A new paper published in the prestigious journal Science marries AI and multiplex CRISPR to the sustainable production of wood fibres and improvement of timber resource. The results offer the promise of making fibre manufacturing for a wide range of products – from cardboard and paper to disposable nappies – greener, cheaper, and more efficient and the same techniques may also be used to develop better structural timbers in the future.

“The [CRISPR-edited wood] that we’ve made can have a tremendous impact on industrial operations and building the bioeconomy,” said co-senior author Dr Rodolphe Barrangou, professor in the Department of Food, Bioprocessing, and Nutrition Sciences at North Carolina State University (NCSU).

Barrangou and colleagues reported on their development in a paper titled “Multiplex CRISPR editing of wood for sustainable fiber production,” in Science (click paper title for link).

Co-senior author Jack P. Wang, professor at the College of Natural Resources at NCSU, said that the importance of trees for the environment and as our major source of natural materials and resources and the largest biological carbon sink on earth means that they must be used responsibly.

“If you think about how far along agriculture, in general, has moved and how far along therapeutics has moved, there are substantial opportunities in forestry to make tangible benefits that could make our natural resources much more efficient, productive, sustainable, and of higher quality,” said Wang.

In their research, the team was aiming to produce wood fibres in which the famously tough lignin, which forms a part of the cell walls of wood and bark, would break down easily, allowing for faster, less resource-intensive pulp production.

Historically, breeding weaker lignin has been a slow process, but decades of research by the team has generated large amounts of genetics and omics data that were processed with AI to predict and then sort through more than 69,000 different multigenic gene-editing strategies targeting 21 important genes associated with lignin production.

“[Trees] are very complex organisms that can thrive for hundreds of years, so their genetics are hard to understand,” said Wang. “That’s why we needed that machine learning model to really decipher and understand the genetic regulation for information and then modify them using CRISPR in ways that can produce woody materials that are compatible with industrial processes or the conversion to useful products.”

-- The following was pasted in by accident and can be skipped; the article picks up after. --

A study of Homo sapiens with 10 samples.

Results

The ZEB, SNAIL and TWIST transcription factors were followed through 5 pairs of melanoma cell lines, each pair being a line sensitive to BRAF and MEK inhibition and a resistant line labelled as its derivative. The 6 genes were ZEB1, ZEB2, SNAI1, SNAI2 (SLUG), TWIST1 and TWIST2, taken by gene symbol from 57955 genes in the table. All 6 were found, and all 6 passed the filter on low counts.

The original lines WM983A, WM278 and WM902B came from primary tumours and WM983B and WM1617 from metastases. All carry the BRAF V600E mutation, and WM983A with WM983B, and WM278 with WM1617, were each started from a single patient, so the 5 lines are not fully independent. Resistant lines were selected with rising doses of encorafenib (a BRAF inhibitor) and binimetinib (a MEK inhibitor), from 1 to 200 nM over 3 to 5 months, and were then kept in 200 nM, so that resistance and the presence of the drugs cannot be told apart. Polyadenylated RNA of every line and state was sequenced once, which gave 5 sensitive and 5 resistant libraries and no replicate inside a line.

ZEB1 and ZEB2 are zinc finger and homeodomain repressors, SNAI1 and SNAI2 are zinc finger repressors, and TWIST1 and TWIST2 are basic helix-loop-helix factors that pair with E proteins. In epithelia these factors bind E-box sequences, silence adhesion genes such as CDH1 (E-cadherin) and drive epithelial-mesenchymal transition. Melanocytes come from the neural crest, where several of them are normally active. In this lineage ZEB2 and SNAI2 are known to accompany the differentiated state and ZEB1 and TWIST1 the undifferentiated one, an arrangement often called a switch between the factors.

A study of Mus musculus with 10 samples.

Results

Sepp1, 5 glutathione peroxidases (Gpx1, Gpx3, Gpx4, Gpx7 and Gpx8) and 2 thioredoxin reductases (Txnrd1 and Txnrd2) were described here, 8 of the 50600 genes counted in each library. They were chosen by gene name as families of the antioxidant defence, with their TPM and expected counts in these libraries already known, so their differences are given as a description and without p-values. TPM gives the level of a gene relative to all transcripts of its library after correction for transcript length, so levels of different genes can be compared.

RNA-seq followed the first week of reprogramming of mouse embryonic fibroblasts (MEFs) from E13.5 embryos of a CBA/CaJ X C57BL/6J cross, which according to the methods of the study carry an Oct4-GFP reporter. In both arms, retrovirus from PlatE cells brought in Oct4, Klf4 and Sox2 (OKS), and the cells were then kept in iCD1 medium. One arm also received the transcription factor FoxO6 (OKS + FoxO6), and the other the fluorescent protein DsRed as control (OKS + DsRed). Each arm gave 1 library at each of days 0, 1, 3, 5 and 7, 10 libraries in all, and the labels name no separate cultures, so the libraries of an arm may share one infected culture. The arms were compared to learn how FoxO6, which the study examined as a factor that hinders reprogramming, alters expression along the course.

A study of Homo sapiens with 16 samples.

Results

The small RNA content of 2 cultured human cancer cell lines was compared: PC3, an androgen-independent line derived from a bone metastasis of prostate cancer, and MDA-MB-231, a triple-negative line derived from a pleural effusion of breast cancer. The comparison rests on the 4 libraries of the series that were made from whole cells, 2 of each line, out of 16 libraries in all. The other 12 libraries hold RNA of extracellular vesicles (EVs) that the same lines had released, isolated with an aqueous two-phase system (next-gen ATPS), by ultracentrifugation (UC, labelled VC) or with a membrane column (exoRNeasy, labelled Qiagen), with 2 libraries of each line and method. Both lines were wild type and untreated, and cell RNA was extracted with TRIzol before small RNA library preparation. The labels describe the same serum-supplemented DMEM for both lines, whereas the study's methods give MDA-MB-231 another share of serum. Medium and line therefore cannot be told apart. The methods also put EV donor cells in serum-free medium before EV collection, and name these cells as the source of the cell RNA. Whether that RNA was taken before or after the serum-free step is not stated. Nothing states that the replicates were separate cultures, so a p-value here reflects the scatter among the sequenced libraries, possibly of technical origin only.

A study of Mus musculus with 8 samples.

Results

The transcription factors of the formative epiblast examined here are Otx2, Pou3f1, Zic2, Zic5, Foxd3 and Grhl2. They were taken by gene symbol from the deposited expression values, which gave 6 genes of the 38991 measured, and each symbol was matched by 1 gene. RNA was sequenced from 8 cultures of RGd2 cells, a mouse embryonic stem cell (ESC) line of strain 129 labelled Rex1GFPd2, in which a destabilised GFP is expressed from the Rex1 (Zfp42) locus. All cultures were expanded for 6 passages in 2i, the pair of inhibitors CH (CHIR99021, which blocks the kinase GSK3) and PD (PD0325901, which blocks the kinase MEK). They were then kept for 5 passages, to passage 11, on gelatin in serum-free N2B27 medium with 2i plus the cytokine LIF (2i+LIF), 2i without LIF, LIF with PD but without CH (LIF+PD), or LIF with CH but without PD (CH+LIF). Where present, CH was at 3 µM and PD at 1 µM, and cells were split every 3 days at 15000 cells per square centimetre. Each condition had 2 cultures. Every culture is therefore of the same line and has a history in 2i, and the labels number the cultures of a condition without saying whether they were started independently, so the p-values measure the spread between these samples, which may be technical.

CRISPR is a gene editing technique that, to use a rough anology, scissors out and removes or replaces bits of genetic code. Multiplex CRISPR technologies do this to multiple parts of the genome at once. Using the information on which strategies would be most effective that had been sorted by the AI, the research team was able to lower lignin levels and increase the carbohydrate to lignin (C/L) ratio and the ratio of two important lignin building blocks—syringyl to guaiacyl (S/G)—in poplar trees. Together, these changes hit a fibre sweet spot that could reduce greenhouse gases associated with pulp production by up to 20%.
With multiplex CRISPR technology, they produced 174 edited poplar variants, which they planted, grew for months and harvested for analysis and the generation of paper with gains that translate to industrial processing.

The study also included sophisticated pulp production mill models that suggest reduced lignin content in trees could help mills produce up to 40% more sustainable product.

Barrangou pointed out that trees may be a better use of CRISPR technologies than medical therapies when it comes to human health.

“CRISPR has shown success in the clinic, but it took eight years to dose the first patient,” said Barrangou. “How long will take to help a million people? But the number of people that can benefit from editing trees is in excess of 10 billion – everyone alive today plus people who will be born over the lifespan of those trees.”